In June 2015, I was a healthy 43-year-old mom and first-grade teacher who never got sick. Then I noticed a pain in my left arm while I was packing up my classroom. It had been bothering me for a couple of weeks, but I hadn’t given it much thought. I nursed it for another month before finally going to the doctor. She said I’d probably pulled a muscle moving boxes, but I pressed for a scan. Moving my arm was painful enough that I was sure something needed to be done. And I wanted to get it taken care of while I was still on summer break.
The following week I had an MRI. I was pretty convinced I’d torn my rotator cuff, so I wasn’t worried when the doctor asked me to come back for the results later that same day. I expected her to tell me I needed surgery. And she did — but not for the reason I thought. Instead, she said there was a mass growing in my humerus. The tumor was so large it had split the bone. The radiologist suspected it was cancer.
After that, I just went numb. I didn’t hear anything else, except, “Do you have an oncologist?” And I remember thinking, “Huh? Do healthy people really have an oncologist on stand-by?” Then I burst into tears.
After I calmed down, I said I wanted to go to MD Anderson. My mom has been treated there for years, so I knew it provided the best level of care, and I wasn’t going to settle for less.
Worst birthday present ever: a cancer diagnosis
The following week, I met with MD Anderson surgeon Dr. Robert Satcher. And after a whirlwind of tests, I got the official news: I had cancer. It was Aug. 5, 2015 — the day after my 44th birthday. At the time, I was already back in my classroom, getting ready for a new school year. But I needed surgery to remove the tumor immediately. The procedure was scheduled for the next day.
When the mass on my arm was biopsied, the results revealed just how rare my cancer was. It turns out I have something called cholangiocarcinoma, or intrahepatic bile duct cancer. There was a tumor about the size of a baseball in my liver. It had spread to my left arm and right rib, which made it stage IV.
Targeted therapy clinical trial is keeping my bile cancer in check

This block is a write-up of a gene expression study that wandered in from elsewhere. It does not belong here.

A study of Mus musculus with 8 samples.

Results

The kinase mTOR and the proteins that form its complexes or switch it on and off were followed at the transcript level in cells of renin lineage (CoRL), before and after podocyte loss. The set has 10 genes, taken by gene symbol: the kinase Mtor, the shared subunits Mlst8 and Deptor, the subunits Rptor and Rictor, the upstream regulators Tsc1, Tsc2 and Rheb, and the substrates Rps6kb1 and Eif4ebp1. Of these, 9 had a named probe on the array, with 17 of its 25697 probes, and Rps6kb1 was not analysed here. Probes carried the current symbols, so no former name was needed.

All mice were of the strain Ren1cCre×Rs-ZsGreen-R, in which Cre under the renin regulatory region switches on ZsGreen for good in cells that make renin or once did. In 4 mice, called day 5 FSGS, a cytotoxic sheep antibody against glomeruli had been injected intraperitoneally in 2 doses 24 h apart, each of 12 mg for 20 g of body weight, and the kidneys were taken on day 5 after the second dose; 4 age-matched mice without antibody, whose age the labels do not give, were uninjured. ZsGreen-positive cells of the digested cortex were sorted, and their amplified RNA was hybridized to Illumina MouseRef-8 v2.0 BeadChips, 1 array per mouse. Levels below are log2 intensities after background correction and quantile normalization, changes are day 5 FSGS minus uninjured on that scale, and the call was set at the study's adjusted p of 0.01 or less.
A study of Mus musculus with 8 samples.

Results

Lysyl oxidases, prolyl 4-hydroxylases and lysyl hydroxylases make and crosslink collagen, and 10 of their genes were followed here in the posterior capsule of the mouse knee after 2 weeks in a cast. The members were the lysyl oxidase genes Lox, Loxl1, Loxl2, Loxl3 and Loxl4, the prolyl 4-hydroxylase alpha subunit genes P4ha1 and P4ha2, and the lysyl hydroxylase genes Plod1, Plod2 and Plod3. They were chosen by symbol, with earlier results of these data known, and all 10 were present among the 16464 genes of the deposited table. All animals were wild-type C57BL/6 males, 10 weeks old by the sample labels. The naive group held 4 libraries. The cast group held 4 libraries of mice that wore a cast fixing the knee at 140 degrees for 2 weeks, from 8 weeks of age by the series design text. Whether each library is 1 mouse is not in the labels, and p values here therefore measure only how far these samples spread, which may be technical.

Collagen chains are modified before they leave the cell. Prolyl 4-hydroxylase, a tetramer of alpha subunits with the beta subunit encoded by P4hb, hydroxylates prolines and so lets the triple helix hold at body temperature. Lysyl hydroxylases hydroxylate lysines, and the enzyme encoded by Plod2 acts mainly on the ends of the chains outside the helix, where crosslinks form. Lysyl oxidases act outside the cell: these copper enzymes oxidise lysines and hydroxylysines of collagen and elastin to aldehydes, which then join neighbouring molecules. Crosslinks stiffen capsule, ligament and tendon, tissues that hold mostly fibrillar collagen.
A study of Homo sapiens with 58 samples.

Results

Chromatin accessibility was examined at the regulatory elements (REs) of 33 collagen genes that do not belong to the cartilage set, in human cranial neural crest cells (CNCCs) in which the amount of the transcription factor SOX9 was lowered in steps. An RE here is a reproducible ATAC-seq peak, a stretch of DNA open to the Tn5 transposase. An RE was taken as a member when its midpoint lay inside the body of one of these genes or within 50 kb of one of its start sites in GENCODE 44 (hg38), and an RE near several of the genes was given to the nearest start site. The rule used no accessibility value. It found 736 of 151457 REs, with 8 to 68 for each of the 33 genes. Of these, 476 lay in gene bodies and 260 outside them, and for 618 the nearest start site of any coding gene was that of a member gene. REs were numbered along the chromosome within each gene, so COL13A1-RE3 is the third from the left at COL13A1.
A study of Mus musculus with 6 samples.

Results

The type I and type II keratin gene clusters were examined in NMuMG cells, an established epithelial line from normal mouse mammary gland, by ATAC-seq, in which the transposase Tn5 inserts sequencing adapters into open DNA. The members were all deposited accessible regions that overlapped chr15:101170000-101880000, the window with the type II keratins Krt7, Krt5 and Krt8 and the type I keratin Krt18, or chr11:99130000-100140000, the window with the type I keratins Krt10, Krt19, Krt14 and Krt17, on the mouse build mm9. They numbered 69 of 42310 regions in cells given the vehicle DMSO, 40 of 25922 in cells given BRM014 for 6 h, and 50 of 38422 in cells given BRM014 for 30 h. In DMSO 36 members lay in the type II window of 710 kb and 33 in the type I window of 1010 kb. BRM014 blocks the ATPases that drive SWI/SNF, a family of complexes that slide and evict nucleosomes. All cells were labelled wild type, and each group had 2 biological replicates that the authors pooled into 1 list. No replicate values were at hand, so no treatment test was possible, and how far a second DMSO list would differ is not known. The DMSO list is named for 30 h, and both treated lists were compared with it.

I had 15 rounds of radiation to kill the cancer before meeting with another MD Anderson doctor, Dr. Gauri Varadhachary, who specializes in cancers of the digestive system. We discussed additional treatment options. She recommended “maintenance” chemotherapy to prevent a recurrence. I did that for six months, then took a year off to give my body a break.
When the cancer started growing again, she suggested I consider a new clinical trial. It explores whether a targeted therapy called ramucirumab can help control bile duct cancer. The goal is to keep my cancer stable and prevent it from spreading anywhere else.
I’m willing to try anything that keeps me alive with a good quality of life, so I decided to do it. I got my first infusion of ramucirumab in September, and have had another one every two weeks since. My main tumor hasn’t shrunk any, but it also hasn’t grown. And stable is good. Particularly since it’s allowed me to keep teaching first grade full time. I am so thankful for that!
I’m still here … and still fighting
Over the past two years and six months, I’ve had surgery, 15 rounds of radiation, 50+ rounds of chemotherapy and countless scans. I have gained weight, lost my hair, developed neuropathy and battled treatment-induced high blood pressure. But today, I am still living, still teaching, still making memories and still fighting cancer.
Some days are harder than others, but I try to live each one as if it were my last. I hate having cancer, but I am blessed to have my faith, my family and friends, and most of all, MD Anderson in my corner. Because of its doctors, nurses and entire staff, I’ve lived longer than I ever imagined.